The Liberty Lake City Council quietly passed two ordinances Tuesday night, minus the lengthy discussions that usually precede any vote.
The first ordinance approved adding a deputy city clerk position while eliminating the mayor’s executive assistant and the second approved new animal control regulations needed so the Spokane County Regional Animal Protection Service can take over animal control in the city.
Ann Swensen, who has been working as the mayor’s executive assistant, will not be out of a job, however. She will take over the deputy city clerk position, which pays nearly $3,000 more per year.
Council member Patrick Jenkins expressed concern that the mayor might change her mind and want an executive assistant again. “It’s not going to come back up in the next two or three months?” he asked.
“We have eliminated the position,” said community development director Doug Smith. “There’s no way to pay for it.”
After the meeting, Mayor Wendy Van Orman said the move has been planned for a while. The city needed someone who would be able to fill in for the city clerk when she’s absent. “(Swensen) has been studying to be a deputy city clerk for the last six months,” she said.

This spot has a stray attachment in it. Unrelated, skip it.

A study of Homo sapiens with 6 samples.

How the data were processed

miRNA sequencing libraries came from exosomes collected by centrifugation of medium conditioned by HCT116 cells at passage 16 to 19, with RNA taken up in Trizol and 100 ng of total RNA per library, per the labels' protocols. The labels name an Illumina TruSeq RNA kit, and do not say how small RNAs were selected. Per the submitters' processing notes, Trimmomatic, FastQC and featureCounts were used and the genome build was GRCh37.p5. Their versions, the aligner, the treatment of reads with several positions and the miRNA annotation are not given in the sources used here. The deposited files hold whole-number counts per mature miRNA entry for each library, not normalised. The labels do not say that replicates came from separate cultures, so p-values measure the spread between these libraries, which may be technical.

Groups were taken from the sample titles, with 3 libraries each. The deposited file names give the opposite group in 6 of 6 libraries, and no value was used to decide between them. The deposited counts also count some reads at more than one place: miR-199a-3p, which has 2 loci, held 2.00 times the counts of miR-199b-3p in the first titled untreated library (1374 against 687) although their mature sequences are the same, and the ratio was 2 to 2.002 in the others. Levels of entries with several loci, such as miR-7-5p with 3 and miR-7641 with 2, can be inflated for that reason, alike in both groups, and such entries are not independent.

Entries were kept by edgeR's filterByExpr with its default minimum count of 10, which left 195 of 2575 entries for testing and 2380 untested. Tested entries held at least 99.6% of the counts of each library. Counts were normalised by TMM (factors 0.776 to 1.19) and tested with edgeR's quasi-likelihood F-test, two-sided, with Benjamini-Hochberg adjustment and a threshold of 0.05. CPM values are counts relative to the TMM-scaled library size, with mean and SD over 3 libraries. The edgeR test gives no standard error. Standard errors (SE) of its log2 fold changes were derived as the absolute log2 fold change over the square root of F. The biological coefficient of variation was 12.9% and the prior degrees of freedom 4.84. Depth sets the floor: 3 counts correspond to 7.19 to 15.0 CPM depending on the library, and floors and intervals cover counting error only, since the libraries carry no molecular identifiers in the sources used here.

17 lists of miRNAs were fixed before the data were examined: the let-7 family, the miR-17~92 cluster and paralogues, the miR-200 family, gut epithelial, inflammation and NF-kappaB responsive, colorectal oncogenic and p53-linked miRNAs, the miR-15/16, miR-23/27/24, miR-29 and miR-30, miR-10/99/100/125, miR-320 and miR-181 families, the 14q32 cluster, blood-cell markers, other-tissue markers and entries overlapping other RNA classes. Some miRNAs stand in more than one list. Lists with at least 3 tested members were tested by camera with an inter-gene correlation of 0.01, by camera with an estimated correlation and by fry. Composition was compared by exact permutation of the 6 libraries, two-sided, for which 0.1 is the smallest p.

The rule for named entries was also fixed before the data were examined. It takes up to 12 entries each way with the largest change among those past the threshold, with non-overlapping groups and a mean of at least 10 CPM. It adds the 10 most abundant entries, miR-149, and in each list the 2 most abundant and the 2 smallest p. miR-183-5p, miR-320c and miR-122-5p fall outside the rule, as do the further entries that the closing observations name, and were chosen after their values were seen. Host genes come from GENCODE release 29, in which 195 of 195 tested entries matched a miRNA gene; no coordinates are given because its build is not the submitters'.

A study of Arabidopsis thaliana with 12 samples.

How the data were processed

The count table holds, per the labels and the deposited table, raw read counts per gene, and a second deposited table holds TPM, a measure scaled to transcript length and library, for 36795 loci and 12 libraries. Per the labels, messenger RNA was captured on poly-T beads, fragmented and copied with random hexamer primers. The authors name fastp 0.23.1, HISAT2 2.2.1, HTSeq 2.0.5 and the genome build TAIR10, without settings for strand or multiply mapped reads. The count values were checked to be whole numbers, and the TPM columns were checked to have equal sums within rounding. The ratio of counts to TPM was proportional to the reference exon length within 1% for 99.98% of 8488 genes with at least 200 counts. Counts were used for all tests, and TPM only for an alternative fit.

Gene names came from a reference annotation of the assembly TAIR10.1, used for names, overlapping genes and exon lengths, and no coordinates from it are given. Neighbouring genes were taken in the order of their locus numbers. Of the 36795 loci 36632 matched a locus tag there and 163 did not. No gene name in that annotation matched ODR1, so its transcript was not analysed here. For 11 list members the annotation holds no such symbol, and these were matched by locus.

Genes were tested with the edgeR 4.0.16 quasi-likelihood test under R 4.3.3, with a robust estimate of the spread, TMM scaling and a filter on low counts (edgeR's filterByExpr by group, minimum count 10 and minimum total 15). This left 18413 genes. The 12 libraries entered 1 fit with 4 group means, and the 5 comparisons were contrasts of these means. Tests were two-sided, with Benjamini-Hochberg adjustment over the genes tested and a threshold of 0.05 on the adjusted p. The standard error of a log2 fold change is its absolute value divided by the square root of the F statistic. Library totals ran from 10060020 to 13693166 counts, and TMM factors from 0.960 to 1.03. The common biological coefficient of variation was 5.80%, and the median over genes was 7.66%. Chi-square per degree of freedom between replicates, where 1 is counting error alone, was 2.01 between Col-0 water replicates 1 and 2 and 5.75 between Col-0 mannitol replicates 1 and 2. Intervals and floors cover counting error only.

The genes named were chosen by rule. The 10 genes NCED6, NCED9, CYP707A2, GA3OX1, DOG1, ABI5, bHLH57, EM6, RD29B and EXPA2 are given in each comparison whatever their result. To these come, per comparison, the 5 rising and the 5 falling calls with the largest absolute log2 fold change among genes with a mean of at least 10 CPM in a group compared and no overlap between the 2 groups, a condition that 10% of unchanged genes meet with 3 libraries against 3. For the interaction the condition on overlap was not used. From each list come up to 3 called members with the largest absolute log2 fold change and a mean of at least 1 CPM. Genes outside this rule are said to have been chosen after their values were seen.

Jenkins was the only council member who voted against the ordinance. The animal control ordinance passed unanimously, though some council members expressed unhappiness with the higher license fees charged by SCRAPS.
“The Owens household has now tripled its pet licenses,” said council member Judi Owens. “We’re not happy about that.”
In the past animal control issues have been handled by the Liberty Lake Police Department and there have been complaints about how the department handled it, said police Chief Brian Asmus. “It’s not something we’re trained in,” he said. “SCRAPS has a lot more services available. Not to mention it’s not a good idea for us to be handling dogs and cats in our patrol cars.”
In other business, the council also approved an agreement with Spokane Transit Authority that will allow bus passes to be sold at City Hall. The city won’t spend any money on the service, but city staff will have to track the passes and handle some bookkeeping.
“It’s supposed to be a service to our citizens,” said Owens. “It is going to take us some resources to provide this service.”
Van Orman said she requested the agreement on the advice of local businesses. “It would make it more convenient for businesses,” she said. “They are very excited about having it.”
Jenkins and council member Odin Langford voted against the agreement. Councilman Brian Sayrs was absent.